In Mann Ki Baat 2.0, PM Modi stresses on conserving water

In his first Mann Ki Baat after being re-elected, the Prime Minister Narendra Modi called for water conservation measures across the country to deal with the growing water crisis.The recent Gaon Connection Survey has startling facts on water availability in rural India that support Modi's call

In Mann Ki Baat 2.0, PM Modi stresses on conserving water

Only 8 per cent interviewed rural households had piped water supply

Over 35 per cent rural women walk up to half a kilometer to fetch water

Over 41 per cent farmers demanded better irrigation facilities to improve farming

In his first Mann Ki Baat after being re-elected, the Prime Minister Narendra Modi called for water conservation measures across the country to deal with the growing water crisis.

In his radio address on June 30, Modi said that only eight per cent of the water that falls on the country as rain gets harvested. On the other hand, large parts of the country face water scarcity every year. The Prime Minister called upon the 130 crore citizens of the country to join hands and adopt water conservation measures to find a solution to the prevailing water crisis. He also said that there can be no one solution to the water problems in the country. Each region will have to adopt its own water conservation methods, but the ultimate goal remains the same — saving water.



Modi informed that water is a priority in the country, hence Union Ministry of Jal Shakti has been set up, which will take quick decisions on water related matters in the country. The Prime Minister has already sent letters to all the gram pradhans (village heads) to harvest every drop of rain that falls from the sky, and discuss methods of conserving water with the local villagers by holding regular gram sabhas.

Incidentally, last week, Gaon Connection, India's largest rural media network, released findings of its unique rural survey carried out in 19 states of the country where villagers were interviewed on various issues ranging from farming to water to livelihood to cattle to sanitation, etc.

Survey findings show the daily battle rural women have to face to fetch drinking water. The Gaon Connection Survey found that over 35 per cent of the rural women have to walk up to half a kilometer to fetch water.



For instance, Maalti lives in Satna district, which is 350 km from Vidisha in Madhya Pradesh. She has to walk for one kilometer to fetch water.

Rural children are suffering, too. Ten-year-old Mohit, who lives in Chakraghunathpur village in Vidisha, daily reaches school late because he has to walk one kilometer to fetch water, twice in a day.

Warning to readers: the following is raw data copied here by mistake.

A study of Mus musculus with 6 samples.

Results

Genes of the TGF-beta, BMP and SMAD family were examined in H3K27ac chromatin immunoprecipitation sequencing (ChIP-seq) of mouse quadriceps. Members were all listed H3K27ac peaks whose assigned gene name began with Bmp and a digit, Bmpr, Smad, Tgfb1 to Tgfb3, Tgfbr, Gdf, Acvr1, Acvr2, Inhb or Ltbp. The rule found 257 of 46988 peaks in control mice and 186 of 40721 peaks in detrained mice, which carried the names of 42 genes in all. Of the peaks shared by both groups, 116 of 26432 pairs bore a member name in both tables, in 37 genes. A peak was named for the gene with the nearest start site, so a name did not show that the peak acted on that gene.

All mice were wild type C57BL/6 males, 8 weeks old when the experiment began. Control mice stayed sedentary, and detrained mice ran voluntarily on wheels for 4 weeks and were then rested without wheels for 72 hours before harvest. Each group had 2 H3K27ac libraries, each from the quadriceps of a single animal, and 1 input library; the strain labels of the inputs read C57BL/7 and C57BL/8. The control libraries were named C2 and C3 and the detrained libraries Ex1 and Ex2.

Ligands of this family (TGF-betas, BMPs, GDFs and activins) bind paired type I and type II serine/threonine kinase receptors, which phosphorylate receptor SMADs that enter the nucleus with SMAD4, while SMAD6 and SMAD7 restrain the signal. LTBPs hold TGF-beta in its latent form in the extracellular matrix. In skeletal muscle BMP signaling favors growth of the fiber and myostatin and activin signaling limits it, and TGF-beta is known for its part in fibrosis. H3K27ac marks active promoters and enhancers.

Another startling fact that emerged out of the Gaon Connection Survey was that only eight per cent of the interviewed households had piped water supply. The rest had to source their daily water from public stand posts, dug wells, hand pumps, ponds, etc. For instance, 36.6 per cent of the interviewed families were dependent on public stand posts for their water supply, and over 25 per cent used hand pumps.

The third important point that emerged out of the Gaon Connection Survey is with regards to water for irrigation. When as part of the survey, farmers were asked what was needed to improve farming, maximum respondents — 41.4 per cent — demanded better irrigation facilities.



This fact gains importance in the present scenario when over 45 per cent area in the country is facing drought conditions with about 11 per cent facing 'extreme dry' and 'exceptional dry' conditions, as recorded in the South Asia Drought Monitor maintained by the Indian Institute of Technology Gandhi Nagar.

Farming situation is grim in the country as the southwest monsoon, on which a large chunk of farmers depend for sowing, is delayed. As per the India Meteorological Department, area-wise 82 per cent area of the country has had deficient or large deficient rainfall in the first month of the monsoon.

It is imperative that each drop of rain that falls from the sky needs to be harvested.

A day after Modi's call for water harvesting, Union Jal Shakti Minister Gajendra Singh Shekhawat launched 'Jal Shakti Abhiyan' on July 1 with focus on 1,592 water-stressed blocks in 256 districts. This abhiyan has five components: water conservation and rainwater harvesting, renovation of traditional and other water bodies, reuse and recycle of water, watershed development, and intensive afforestation.

If implemented in both letter and spirit, and with active participation of the people, a decentralized water conservation programme can turn around the water scenario of the country, and for the good.